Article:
Consuming and creating content on social media is a way of life for the Millennial generation. For Gucci, it is an opportunity to engage with a truly global community. Robert Triefus, Executive Vice President, Brand and Customer Engagement, explains how Gucci builds its following on social media platforms.
What are the guiding principles of Gucci’s digital strategy?
Two things are fundamental to the way we develop the strategy and narrative that appear on our social media platforms – authenticity and inclusivity. They are at the heart of Alessandro Michele’s philosophy, and the way he creates his collections. In social media terms, it means we see Gucci’s platforms both as open doors to the outside world – allowing him to co-create with other people – and a reflection of what Millennials believe in. So the campaigns he creates, the way he brings his fashion shows to life, and the original content we shoot for our social media platforms, are all very coherent and essentially telling this same narrative. Alessandro’s vision of fashion is really to allow individuals to express themselves. This is what our brand stands for today, and what drives our digital strategy.
Could you give some examples of that strategy in action?
#GucciGram, where Alessandro invited artists and illustrators to repurpose three of Gucci’s iconic motifs on Instagram, and #24HourAce, where the brand handed over the reins of its Snapchat account to a series of different artists for a full 24 hours and asked them to shoot a creative and colorful mini-video centered around the Ace sneakers.
The #TFWGucci meme project, to launch of a new timepiece collection, brought together digital artists from around the world. These artistic connections can also develop well beyond a single campaign. For example, Alessandro’s discovery on Instagram of Unskilled Worker – the moniker used by British artist Helen Downie – led to a collaboration around an exclusive capsule collection.
How successful has Gucci been in engaging with new generations on social media?
Gucci has emerged in research in recent months as one of the brands achieving the greatest engagement through its content, especially on Instagram thanks to its authentic and consistent narrative and also its collaborations.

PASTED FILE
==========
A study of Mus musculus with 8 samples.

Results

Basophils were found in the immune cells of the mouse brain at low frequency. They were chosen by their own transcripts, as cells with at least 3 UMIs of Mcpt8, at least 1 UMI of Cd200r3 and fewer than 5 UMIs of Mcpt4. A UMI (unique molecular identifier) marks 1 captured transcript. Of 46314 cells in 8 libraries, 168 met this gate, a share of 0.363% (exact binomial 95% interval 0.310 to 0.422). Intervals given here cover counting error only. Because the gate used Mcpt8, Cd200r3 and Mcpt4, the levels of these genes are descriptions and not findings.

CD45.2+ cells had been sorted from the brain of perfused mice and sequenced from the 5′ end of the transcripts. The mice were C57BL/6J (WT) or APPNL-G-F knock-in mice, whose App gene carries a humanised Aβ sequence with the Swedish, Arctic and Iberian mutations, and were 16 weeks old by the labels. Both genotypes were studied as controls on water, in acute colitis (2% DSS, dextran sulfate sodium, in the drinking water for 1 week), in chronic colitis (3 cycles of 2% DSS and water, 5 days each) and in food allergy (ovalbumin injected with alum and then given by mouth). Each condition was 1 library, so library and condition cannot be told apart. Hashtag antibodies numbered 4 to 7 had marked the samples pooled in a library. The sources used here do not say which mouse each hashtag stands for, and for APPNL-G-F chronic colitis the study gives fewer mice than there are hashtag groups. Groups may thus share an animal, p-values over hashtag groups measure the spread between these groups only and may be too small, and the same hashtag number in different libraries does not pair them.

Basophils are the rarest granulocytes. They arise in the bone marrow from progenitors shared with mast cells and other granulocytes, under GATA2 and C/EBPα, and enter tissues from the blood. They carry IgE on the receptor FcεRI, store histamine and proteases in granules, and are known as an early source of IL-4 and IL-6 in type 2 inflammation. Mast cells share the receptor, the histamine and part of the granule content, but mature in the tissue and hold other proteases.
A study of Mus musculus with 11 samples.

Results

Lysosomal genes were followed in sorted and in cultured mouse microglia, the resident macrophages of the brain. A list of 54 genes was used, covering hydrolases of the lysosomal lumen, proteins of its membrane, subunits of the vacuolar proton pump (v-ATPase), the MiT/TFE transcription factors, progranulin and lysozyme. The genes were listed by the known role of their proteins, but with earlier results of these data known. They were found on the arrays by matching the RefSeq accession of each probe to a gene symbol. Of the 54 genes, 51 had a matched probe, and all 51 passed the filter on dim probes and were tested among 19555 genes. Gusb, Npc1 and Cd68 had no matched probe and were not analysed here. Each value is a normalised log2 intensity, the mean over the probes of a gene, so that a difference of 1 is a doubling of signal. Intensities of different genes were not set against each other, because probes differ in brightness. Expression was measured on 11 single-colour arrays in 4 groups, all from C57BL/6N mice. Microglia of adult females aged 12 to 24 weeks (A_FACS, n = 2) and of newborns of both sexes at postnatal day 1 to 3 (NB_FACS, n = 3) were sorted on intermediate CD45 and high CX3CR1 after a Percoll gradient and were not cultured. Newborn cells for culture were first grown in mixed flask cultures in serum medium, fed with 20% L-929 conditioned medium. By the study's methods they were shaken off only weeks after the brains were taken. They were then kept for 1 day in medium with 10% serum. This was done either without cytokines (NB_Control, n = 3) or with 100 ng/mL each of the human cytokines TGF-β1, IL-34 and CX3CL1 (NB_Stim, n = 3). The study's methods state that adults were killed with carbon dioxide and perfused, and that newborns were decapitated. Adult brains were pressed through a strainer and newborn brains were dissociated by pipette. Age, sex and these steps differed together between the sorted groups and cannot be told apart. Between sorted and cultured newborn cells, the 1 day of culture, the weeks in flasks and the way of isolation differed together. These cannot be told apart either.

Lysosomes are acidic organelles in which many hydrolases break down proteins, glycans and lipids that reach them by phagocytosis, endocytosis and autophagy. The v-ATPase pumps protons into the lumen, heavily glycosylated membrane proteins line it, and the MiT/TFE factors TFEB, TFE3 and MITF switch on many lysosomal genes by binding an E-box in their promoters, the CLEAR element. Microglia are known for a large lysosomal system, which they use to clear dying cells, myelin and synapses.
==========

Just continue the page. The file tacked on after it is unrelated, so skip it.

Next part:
Our greatest engagement is coming from our original creative content, often through collaboration – either in the form of a creative project, or through a friend of the House with a large personal following who appears in the content itself. For a luxury brand, it’s also important to distribute that same narrative across all your different touchpoints, which not only include social media, but also your website, windows, packaging, campaigns, etc. In my view, that ability to connect all the dots in a coherent, cohesive way, is a really fundamental element in Gucci’s success today.
What has been key to achieving that sense of coherence?
Clearly, it comes from having a sole creative director, delivering a unique vision across all the collections. That said, the task is not an easy one due to the sheer number of touchpoints. But it’s important for our community to feel that wherever they are engaging with a brand, the message is coherent and it fits in with the narrative. If you are unable to do that, the brand becomes very disconnected. I think that is especially a challenge for brands with multiple creative directors or, for example, where their fragrance business is separated from their fashion activities. Our strength comes from the fact that we express one consistent narrative with one voice.
As for the content itself, how does Gucci drive that engagement?
Our content operates at multiple levels. You can look at a photo or illustration and simply enjoy the aesthetics at face value. However, if you want to dig down, our content has a deeper level. For example, the illustrations created for Gucci by digital artist Ignasi Monreal for our Spring Summer 2018 campaign are inspired by modern art and there is a story behind each image. If you read the narratives on our Instagram posts, there is an intellectual and cultural level to them. Overall, I would say there is a high degree of sophistication about our social media content that creates a stronger emotional engagement.
How does Gucci engage with the various social media networks?
The first point is that we are continuously generating content and tailoring it for different platforms – Instagram, Twitter, Facebook, WeChat and Snapchat. The days of launching campaigns in line with two seasonal collections and the pre-collections are over. There is now a voracious appetite for our narrative, so the rhythm and cadence of content generation is rapid. As for the media, Instagram is probably our signature platform in terms of traction and engagement. We currently have 21 million followers and the visual nature of Instagram allows us to display our content, while the addition of Instagram Stories has given us a very powerful medium for bite-size video – which is extremely important today.
Finally, how does Gucci’s social media strategy reach out to Chinese Millennials?
We have a dedicated team in China, creating and deploying our content on local social media platforms, the most important of which is WeChat. That said, the content is coming from and inspired by what Alessandro is creating at the center. So, because Chinese Millennials particularly enjoy elements such as emojis and animations, we are embedding more of those into our content – while maintaining the artistic foundation, which comes from Alessandro. For example, this Chinese New Year, we launched a campaign to mark the Year of the Dog with some innovative content in the form of two dog animojis, that respond to facial recognition – which had not been done before. China is clearly the world’s biggest fashion market and we’ve had a website there for several years, and have just launched an e-commerce site. It is fundamentally important for us.